The stage of a cancer is how much cancer there is and how far it has spread in your body. Your healthcare provider uses exams and tests to find out the size of the cancer and where it is. Scans can also show if the cancer has grown into nearby areas and if it has spread to other parts of your body. The stage of a cancer is one of the most important things to know when deciding how to treat the cancer.
Several systems can be used to divide liver cancer into stages. Healthcare providers in different parts of the world might use different systems. In the U.S., the most commonly used system to stage liver cancer is the TNM system from the American Joint Committee on Cancer. Be sure to ask your healthcare provider to explain the stage of your cancer in a way you can understand.
The first step in staging is to find the value for each part of the TNM system. Here's what the letters stand for:
T describes the size of the main (primary) tumor and how far it has spread inside the liver and to nearby tissues.
N tells if the lymph nodes near the primary tumor have cancer in them.
M tells if the cancer has spread (metastasized) to distant organs in the body, like the lungs or bones.
Numbers or letters after T, N, and M provide more details about each of these factors. There are also 2 other values that can be assigned:
X means the provider does not have enough information to tell the extent of the main tumor (TX) or if the lymph nodes have cancer cells in them (NX).
0 means no sign of cancer, such as no sign of the primary tumor in the liver (T0).
Once your healthcare provider knows your T, N, and M values, they're used to put these cancers into stage groupings. The groupings give an overall description of your cancer.
A stage grouping is listed as a Roman numeral and can have a value of I (1), II (2), III (3), or IV (4). The higher the number, the more advanced the cancer is. Letters and numbers can be used after the Roman numeral to give more details.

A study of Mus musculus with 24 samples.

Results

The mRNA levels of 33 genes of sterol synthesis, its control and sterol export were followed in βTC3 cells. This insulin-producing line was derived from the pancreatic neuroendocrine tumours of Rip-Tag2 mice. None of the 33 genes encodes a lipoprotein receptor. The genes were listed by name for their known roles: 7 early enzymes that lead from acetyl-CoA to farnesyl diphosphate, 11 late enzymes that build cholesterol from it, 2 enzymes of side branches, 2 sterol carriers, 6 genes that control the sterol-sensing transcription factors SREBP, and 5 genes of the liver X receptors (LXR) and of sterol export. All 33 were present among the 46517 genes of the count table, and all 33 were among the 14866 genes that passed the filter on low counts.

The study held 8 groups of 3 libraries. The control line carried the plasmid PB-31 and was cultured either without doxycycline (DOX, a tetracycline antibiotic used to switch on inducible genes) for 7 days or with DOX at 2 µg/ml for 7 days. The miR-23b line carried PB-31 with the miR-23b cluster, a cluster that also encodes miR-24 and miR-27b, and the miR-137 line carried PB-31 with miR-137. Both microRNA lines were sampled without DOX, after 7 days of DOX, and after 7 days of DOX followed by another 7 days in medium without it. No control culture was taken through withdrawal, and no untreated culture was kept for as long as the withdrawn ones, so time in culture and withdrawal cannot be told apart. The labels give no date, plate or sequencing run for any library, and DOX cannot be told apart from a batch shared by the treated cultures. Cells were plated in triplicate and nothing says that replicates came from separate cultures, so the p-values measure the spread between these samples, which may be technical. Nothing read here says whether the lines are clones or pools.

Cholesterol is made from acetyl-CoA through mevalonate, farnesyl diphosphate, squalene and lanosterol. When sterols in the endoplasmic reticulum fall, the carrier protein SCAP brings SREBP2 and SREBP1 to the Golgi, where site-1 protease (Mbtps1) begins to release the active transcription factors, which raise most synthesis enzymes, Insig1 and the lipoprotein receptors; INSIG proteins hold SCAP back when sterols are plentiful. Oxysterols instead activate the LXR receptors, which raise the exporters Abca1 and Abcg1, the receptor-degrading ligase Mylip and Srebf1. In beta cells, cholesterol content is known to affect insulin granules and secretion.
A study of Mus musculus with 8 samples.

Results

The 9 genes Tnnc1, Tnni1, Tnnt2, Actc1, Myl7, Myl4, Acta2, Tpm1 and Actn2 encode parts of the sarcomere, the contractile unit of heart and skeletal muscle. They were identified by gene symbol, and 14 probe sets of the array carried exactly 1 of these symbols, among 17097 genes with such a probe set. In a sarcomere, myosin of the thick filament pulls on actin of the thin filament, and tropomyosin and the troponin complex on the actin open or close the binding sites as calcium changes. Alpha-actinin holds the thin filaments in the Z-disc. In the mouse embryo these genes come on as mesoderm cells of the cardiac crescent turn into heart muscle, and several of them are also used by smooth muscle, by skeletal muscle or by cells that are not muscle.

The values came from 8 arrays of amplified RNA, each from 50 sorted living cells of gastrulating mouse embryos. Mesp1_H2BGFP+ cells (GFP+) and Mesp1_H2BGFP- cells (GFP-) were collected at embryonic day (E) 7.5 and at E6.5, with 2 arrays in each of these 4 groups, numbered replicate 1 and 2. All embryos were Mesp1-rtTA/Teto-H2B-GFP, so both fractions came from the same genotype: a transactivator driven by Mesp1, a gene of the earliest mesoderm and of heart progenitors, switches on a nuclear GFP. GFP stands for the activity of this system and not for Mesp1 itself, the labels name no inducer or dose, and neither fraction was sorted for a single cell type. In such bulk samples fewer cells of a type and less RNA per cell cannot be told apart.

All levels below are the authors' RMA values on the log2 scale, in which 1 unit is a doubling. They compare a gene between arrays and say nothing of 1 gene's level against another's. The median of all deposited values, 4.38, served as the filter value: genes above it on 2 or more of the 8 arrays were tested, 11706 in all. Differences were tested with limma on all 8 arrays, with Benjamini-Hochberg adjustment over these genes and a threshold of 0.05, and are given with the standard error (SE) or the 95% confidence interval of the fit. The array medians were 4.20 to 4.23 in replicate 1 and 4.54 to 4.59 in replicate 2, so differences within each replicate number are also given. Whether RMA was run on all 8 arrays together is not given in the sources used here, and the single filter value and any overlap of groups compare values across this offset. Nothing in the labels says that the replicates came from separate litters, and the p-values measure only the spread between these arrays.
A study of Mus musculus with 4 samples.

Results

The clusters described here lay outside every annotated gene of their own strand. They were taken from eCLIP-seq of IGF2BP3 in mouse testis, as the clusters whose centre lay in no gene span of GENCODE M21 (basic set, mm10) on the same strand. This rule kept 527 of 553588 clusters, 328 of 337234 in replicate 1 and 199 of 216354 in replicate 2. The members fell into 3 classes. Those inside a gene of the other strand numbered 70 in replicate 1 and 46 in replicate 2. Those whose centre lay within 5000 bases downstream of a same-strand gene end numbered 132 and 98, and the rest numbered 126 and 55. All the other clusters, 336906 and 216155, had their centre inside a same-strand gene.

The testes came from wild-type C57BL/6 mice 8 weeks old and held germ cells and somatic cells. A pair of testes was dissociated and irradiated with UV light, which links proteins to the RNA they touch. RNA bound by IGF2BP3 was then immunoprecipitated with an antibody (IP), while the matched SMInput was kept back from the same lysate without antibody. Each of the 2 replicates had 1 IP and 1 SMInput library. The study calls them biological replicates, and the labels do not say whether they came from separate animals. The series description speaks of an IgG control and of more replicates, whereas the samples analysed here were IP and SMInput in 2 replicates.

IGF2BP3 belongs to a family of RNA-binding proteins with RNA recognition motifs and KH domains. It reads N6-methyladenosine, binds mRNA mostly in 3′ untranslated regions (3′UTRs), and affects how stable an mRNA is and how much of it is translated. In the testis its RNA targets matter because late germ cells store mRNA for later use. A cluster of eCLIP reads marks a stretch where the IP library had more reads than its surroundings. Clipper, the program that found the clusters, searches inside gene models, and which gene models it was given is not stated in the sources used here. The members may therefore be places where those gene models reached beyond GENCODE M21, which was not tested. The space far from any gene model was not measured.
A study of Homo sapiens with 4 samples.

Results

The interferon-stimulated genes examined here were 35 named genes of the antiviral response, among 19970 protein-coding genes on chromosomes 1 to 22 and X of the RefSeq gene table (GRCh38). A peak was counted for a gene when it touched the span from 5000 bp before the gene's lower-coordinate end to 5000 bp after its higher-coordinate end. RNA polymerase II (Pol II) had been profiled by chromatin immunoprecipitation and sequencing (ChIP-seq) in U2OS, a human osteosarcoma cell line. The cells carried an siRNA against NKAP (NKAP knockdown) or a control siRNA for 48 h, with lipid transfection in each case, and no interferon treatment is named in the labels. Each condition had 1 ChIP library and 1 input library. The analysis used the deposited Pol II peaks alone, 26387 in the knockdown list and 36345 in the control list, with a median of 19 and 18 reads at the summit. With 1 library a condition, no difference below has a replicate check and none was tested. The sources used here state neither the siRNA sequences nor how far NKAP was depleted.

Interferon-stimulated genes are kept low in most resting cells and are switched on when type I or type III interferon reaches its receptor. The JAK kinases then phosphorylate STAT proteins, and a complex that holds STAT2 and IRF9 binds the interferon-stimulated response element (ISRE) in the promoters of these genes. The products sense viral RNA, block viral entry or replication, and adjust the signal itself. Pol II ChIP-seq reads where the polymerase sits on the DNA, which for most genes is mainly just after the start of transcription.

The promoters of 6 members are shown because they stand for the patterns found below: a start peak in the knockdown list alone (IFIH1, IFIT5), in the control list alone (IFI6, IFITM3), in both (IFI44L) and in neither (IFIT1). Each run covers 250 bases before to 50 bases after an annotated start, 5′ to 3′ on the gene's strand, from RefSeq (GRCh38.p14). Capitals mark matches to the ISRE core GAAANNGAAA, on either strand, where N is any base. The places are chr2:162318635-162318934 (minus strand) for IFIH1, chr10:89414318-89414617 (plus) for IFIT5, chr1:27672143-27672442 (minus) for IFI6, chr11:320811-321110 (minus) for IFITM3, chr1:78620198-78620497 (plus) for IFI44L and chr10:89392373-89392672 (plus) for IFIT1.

These are the stage groupings of liver cancer and what they mean:
Stage I. The cancer has not spread to lymph nodes or to organs in other parts of the body. This stage is divided into 2 subgroups:
Stage IA. There's only 1 tumor in the liver. It's 2 cm or less across and has not grown into any blood vessels.
Stage IB. There's only 1 tumor in the liver. It's more than 2 cm across and has not grown into any blood vessels.
Stage II. There's no spread to lymph nodes or to organs in other parts of the body. And 1 of these is true:
There's only 1 tumor in the liver. It's more than 2 cm across and has grown into blood vessels.
There's more than 1 tumor, but none of them are more than 5 cm across.
Stage III. The cancer has not spread to lymph nodes or to organs in other parts of the body. This stage is divided into 2 subgroups.
Stage IIIA. There are many tumors in the liver and at least 1 is more than 5 cm across.
Stage IIIB. The cancer is growing into 1 of the main blood vessels in the liver (the portal vein or hepatic vein).
Stage IV. This stage is divided into 2 subgroups:
Stage IVA. Tumor or tumors can be any size, and the cancer has spread into lymph nodes near the liver. It has not spread to organs in other parts of the body.
Stage IVB. The tumor or tumors can be any size. The cancer has spread to distant organs, such as the lungs or bones. It may or may not have spread to nearby lymph nodes.
Once your cancer is staged, your healthcare provider will talk with you about what the stage means for you. Your healthcare provider will look at other factors, too. For instance, before doing surgery to remove the tumor, your healthcare provider will want to know how the rest of your liver is working. They will want to be sure that there would be enough healthy liver left after surgery. Ask your healthcare provider to explain the stage of your cancer to you in a way you can understand. Ask any questions and talk about your concerns.